But history does not always unfold so neatly, with youth and progress handsomely paired. In her Netflix stand-up special, “Growing,” Amy Schumer makes a warm joke about the newly enlightened culture around sexual harassment. Pitching herself as a woman from an older generation, she says: “I’m so grateful to this new generation of women that came along, and they’re like, ‘Hey, have you been getting sexually harassed like this your whole lives?’ And we’re like, ‘Oh … yeah!’”
The joke is that the young women have the perspective to demand progress on problems that older women had to simply endure. It’s a nice idea, but a false one. The women who led that change — among them, the 45-year-old #MeToo creator Tarana Burke and the 51-year-old actress Ashley Judd — are older than Schumer, who is 38.
The truth is this: Feminist attitudes do not split cleanly on generational lines. The vast majority of older women are socially and politically powerless. And progress is often interrupted by setbacks and backlashes. But age can be a tempting metaphor. If younger women do have some kind of moral advantage over older ones, it is not derived from their youth or determined by when they were born. It comes from the fact that they are simply not old enough to have amassed great corporate or political influence, or to have had the chance to be corrupted by it. They may be at the bottom of the career ladder, but they retain the moral high ground.
Increasingly, race is deployed this way, too. Often in these stories, the older feminist is a white woman and the younger one is a woman of color — as are Thursday and Rosdely of “What the Constitution Means to Me,” Molly of “Late Night,” Kay of “The Female Persuasion” and Kemi on “Veep,” who is a kind of avatar for Kamala Harris. This helps to poke at the idea that powerful women are not only evidence of feminist progress. They are also agents of traditional hierarchies — racial, political and corporate — which they work to maintain.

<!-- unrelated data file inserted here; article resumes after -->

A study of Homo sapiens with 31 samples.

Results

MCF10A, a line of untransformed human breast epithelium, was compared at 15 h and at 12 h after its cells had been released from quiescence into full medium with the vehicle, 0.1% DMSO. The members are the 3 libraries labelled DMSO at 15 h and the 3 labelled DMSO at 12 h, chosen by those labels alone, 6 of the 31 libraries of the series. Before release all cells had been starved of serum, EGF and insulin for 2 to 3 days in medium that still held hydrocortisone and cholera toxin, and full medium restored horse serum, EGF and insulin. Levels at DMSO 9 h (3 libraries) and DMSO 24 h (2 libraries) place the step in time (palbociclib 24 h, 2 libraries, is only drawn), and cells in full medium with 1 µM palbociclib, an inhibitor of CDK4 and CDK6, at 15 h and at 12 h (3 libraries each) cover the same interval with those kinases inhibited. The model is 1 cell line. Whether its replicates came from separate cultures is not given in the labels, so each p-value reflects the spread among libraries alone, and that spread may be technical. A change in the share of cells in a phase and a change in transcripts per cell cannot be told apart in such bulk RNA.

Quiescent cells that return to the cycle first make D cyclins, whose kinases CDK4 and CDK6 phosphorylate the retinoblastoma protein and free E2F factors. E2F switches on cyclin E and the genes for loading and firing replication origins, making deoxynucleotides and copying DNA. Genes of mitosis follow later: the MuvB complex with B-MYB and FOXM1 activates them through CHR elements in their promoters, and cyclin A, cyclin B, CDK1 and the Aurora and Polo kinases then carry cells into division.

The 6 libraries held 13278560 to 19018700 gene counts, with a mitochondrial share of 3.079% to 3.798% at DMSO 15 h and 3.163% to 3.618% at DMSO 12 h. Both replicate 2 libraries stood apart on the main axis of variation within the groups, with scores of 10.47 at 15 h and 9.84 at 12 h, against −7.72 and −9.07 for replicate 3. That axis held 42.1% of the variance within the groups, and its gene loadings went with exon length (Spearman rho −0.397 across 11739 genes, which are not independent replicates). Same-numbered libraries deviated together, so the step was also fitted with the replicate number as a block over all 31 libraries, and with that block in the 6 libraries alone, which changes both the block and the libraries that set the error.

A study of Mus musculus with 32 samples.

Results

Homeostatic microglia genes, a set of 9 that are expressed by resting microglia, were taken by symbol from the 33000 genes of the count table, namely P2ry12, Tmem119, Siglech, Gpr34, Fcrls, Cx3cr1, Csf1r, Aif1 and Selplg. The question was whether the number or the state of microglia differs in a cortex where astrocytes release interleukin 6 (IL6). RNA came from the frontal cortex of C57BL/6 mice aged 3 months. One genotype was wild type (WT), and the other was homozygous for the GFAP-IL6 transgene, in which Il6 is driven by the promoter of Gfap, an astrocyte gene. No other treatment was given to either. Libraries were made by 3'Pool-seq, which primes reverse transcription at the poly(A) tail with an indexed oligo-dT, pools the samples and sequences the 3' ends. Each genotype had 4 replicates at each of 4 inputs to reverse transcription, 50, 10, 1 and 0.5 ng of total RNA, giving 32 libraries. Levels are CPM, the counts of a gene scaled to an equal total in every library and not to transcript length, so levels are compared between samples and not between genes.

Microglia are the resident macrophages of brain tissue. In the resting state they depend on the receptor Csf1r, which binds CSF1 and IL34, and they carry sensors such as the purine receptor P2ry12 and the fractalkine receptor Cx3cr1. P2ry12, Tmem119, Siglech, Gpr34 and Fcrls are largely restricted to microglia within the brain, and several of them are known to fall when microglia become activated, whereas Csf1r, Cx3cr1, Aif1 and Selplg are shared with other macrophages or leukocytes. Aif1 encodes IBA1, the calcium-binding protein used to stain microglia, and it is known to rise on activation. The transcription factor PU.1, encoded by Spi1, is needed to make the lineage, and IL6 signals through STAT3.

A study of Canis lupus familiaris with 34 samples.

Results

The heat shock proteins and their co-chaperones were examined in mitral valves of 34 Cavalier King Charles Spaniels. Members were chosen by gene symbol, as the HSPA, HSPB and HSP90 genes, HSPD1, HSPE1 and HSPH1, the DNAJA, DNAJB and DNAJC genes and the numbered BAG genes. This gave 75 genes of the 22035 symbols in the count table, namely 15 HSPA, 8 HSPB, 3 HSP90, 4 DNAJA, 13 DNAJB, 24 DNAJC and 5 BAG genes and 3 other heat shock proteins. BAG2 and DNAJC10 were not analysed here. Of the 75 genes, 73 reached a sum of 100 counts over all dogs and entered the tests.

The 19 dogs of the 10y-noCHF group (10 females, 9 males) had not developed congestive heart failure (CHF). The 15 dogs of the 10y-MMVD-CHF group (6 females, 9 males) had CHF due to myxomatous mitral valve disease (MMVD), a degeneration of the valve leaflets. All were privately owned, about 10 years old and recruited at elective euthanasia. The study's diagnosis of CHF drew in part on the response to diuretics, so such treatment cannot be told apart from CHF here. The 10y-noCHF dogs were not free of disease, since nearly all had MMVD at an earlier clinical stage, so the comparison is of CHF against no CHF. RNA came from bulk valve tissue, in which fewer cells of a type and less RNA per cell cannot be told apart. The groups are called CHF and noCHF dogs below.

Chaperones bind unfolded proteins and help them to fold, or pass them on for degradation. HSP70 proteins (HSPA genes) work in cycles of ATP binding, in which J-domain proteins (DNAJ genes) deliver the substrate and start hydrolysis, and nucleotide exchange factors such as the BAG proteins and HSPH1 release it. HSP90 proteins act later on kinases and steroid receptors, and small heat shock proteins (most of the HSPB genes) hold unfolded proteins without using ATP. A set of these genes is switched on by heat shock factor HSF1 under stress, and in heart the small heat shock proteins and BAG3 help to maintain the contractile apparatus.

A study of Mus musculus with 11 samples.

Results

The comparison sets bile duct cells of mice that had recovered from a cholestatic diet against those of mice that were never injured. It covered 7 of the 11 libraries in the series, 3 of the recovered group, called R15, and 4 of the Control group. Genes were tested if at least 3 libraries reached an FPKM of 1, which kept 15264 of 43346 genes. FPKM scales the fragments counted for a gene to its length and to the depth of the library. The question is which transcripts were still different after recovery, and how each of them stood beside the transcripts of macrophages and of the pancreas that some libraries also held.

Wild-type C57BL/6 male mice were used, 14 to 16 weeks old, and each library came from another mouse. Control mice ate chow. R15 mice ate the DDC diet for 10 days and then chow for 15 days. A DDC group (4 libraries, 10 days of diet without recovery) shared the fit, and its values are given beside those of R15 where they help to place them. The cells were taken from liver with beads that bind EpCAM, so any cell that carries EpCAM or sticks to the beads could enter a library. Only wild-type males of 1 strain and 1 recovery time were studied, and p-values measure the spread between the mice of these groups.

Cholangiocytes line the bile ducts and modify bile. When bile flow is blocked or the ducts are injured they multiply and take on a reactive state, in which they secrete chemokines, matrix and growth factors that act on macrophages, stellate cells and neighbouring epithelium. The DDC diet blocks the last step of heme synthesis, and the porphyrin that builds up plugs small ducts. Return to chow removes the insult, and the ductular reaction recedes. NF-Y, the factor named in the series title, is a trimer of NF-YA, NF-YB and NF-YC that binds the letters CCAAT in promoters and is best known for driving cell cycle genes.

But there is sometimes a touch of condescension to these depictions, too, as if young women of color are naturally imbued with moral righteousness. These women risk being drawn more as symbols than as people. One of the sharpest lines in “What the Constitution Means to Me” comes when Schreck praises Thursday in the course of their debate, saying that she’s ready to knock on doors for her Congressional run, and Thursday raises an objection: “Pandering!”
It is probably not a coincidence that the role of the powerful woman tends to be deliciously complex while that of the up-and-comer is comparatively thin. The bad boss, whether in business or politics, is jumping with social tensions. Executives and senators are curious avatars for feminism, after all: Feminism is a movement bent toward equality, while power necessarily accrues to a select few. Often, powerful women are upheld as agents of feminist change when all they have changed are their own circumstances. Efforts to insist that such power “trickles down” are not incredibly convincing; millions of women are left competing for droplets.